On Independence Day, a lesson in local governance


“We hold these truths to be self evident, that all men are created equal, that they are endowed by their Creator with certain unalienable rights, that among these are life, liberty, and the pursuit of happiness.”

However, few have ever read the entire Declaration and even fewer have any understanding of the nature of the actual grievances that led the colonists to sever their ties with England and seek independence. Most readers don’t get past the following words.

But when a long train of abuses and usurpations, pursuing invariably the same object, evinces a design to reduce them under absolute despotism, it is their right, it is their duty, to throw off such government, and to provide new guards for their future security.

King George III of England was one of the nicest, most benevolent rulers that England ever had, but the Declaration portrayed him as a tyrannical despot. However, the real conflict between England and her American colonies was not between Monarchy and Democracy but between the rights of the British people represented as they were by their own Parliament, and the rights of the American colonists represented as they were by their own colonial assemblies. In this conflict no one was a greater supporter of the rights and authority of the British Parliament than the King.

For the most part the Declaration of Independence does not complain about violations of individual human rights, but concentrates on what it claims has been a systematic attempt on the part of the government in England to violate the rights and privileges of colonial representative assemblies.

The founding fathers believed these assemblies that represented the leading citizens and property owners in the various colonies were the sole bulwark against monarchical tyranny on the one hand, and democratic anarchy on the other. They claimed that the king and his colonial governors have repeatedly refused to put into operation laws passed by these assemblies.

•He has refused his assent to laws, the most wholesome and necessary for the public good.

•He has forbidden his governors to pass laws of immediate and pressing importance, unless suspended in their operations till his assent should be obtained;

•He has refused to pass other laws for the accommodation of large districts of people, unless those people would relinquish the right of representation in the legislature,…

•He has called together legislative bodies at places unusual, uncomfortable, and distant from the depository of their public records for the sole purpose of fatiguing them into compliance with his measures.

In some cases the English government has even gone so far as to dissolve some of these representative assemblies and leave particular colonies without any form of self-government. The legal system, military defense, and tax collection have been taken out of the hands of the colonial representatives. Here are some examples:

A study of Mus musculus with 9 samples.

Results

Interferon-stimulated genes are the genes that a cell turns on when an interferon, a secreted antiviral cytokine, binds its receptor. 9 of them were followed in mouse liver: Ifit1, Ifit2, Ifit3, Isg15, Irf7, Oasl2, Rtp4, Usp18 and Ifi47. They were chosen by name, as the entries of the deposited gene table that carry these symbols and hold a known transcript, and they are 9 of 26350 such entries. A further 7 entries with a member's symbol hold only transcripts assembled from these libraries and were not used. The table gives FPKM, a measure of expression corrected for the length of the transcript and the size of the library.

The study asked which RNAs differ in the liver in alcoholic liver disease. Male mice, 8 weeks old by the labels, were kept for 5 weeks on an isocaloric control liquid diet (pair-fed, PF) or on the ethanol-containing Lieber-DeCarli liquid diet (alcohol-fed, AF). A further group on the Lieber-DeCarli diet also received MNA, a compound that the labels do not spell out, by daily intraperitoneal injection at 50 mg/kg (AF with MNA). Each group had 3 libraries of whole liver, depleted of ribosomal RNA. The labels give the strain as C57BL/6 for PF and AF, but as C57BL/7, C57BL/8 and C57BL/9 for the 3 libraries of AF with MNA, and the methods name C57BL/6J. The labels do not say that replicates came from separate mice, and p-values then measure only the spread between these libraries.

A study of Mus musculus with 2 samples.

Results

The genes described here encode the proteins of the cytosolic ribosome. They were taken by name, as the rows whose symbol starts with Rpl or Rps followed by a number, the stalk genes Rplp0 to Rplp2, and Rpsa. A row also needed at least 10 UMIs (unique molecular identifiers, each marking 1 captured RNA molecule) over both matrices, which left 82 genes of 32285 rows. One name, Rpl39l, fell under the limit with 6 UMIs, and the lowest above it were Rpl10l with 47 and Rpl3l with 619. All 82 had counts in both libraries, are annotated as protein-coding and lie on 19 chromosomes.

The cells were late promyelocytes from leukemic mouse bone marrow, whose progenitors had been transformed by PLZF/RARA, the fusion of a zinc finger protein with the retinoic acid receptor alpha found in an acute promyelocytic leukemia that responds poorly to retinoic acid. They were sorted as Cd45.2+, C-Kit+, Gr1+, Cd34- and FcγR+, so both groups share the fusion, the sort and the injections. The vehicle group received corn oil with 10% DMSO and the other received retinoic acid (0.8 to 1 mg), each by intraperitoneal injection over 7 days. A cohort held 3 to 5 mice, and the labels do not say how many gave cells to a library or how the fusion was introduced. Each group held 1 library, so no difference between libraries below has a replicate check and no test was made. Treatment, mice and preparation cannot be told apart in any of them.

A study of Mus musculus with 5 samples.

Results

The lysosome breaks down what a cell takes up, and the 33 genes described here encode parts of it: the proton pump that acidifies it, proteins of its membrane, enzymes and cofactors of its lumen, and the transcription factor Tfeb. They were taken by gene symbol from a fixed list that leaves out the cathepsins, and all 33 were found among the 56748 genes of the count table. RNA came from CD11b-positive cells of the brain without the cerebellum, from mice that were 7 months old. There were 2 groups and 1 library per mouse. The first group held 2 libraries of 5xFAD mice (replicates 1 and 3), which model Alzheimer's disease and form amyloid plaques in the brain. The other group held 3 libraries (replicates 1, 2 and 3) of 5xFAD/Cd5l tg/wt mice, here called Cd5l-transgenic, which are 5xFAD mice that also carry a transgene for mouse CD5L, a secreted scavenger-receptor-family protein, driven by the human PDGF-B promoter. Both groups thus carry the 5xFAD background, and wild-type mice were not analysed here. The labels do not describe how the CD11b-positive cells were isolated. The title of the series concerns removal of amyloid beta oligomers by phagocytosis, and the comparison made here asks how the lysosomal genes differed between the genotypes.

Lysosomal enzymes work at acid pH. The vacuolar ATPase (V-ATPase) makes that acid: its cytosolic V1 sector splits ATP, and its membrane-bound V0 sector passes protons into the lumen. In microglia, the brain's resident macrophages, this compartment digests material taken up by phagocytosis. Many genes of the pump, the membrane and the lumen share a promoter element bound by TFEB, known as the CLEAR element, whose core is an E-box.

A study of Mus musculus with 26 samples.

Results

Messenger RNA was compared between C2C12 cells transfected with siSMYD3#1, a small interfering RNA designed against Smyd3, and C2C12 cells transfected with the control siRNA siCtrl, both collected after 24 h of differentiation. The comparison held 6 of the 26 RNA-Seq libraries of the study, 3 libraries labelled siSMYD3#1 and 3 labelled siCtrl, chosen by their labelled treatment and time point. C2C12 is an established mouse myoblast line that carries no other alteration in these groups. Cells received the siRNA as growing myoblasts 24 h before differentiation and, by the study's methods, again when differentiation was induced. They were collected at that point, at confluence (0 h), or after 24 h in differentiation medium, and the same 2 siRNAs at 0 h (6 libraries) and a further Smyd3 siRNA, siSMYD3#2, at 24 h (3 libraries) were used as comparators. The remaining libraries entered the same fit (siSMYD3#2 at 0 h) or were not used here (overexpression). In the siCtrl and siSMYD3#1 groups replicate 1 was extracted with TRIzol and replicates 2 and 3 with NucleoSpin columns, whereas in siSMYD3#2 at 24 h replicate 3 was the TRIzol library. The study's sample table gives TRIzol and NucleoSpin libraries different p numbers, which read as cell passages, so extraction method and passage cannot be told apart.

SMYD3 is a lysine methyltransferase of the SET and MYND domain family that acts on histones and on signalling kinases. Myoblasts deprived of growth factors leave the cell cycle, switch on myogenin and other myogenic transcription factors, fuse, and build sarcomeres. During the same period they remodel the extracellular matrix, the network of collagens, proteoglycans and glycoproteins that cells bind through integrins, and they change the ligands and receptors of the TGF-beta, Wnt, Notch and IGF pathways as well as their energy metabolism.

•He has obstructed the administration of justice, by refusing his assent to laws for establishing judiciary powers.

•He has made the judges dependent on his will alone, for the tenure of their offices, and the amount and payment of their salaries.

•He has erected a multitude of new offices, and sent hither swarms of officers to harass our people, and eat out their substance.

•He has kept among us, in times of peace, standing armies, without the consent of our legislatures.

• He has affected to render the military independent of and superior to the civil power.

In the end the Declaration claimed that it came down to a contest between their own local representative assemblies and a faraway legislature that did not represent them. Because they had come to deny the authority of the British Parliament, they never used the word Parliament in the document.

There are elements in the Declaration that might seem offensive to modern ears. Jefferson and others in America opposed the efforts of a reforming British government to permit religious toleration of the large Catholic population in newly conquered Canada. For them Catholicism went hand in hand with despotism. The Declaration also complained about attempts on the part of the British government to prevent colonization of Indian territory. Indeed, it claimed that England was encouraging the native tribes.

Nevertheless, the leaders assembled in Congress insisted on their rights as Englishmen to govern themselves. They wanted government to be as close to home as possible. They would make their own laws, vote their own taxes when necessary, and be responsible for their own legal and military systems. They did not want to be governed by a faraway government that had little concern for their interests or welfare.

It was true that the founders were men of property and status. Washington, Jefferson, Adams, Madison, and Franklin were not common men. Democracy would come later. For the present they wanted to protect their right to self-government. The British government had declared itself “invested with power to legislate for us in all cases whatsoever.” To resist, they were prepared to risk all that they held dear.

•“And for the support of this declaration, with a firm reliance on the protection of Divine Providence, we mutually pledge to each other our lives, our fortunes, and our sacred honor.”

Francis DeStefano, Ph.D., of Fairfield, wrote his doctoral dissertation on Eighteenth century British politics.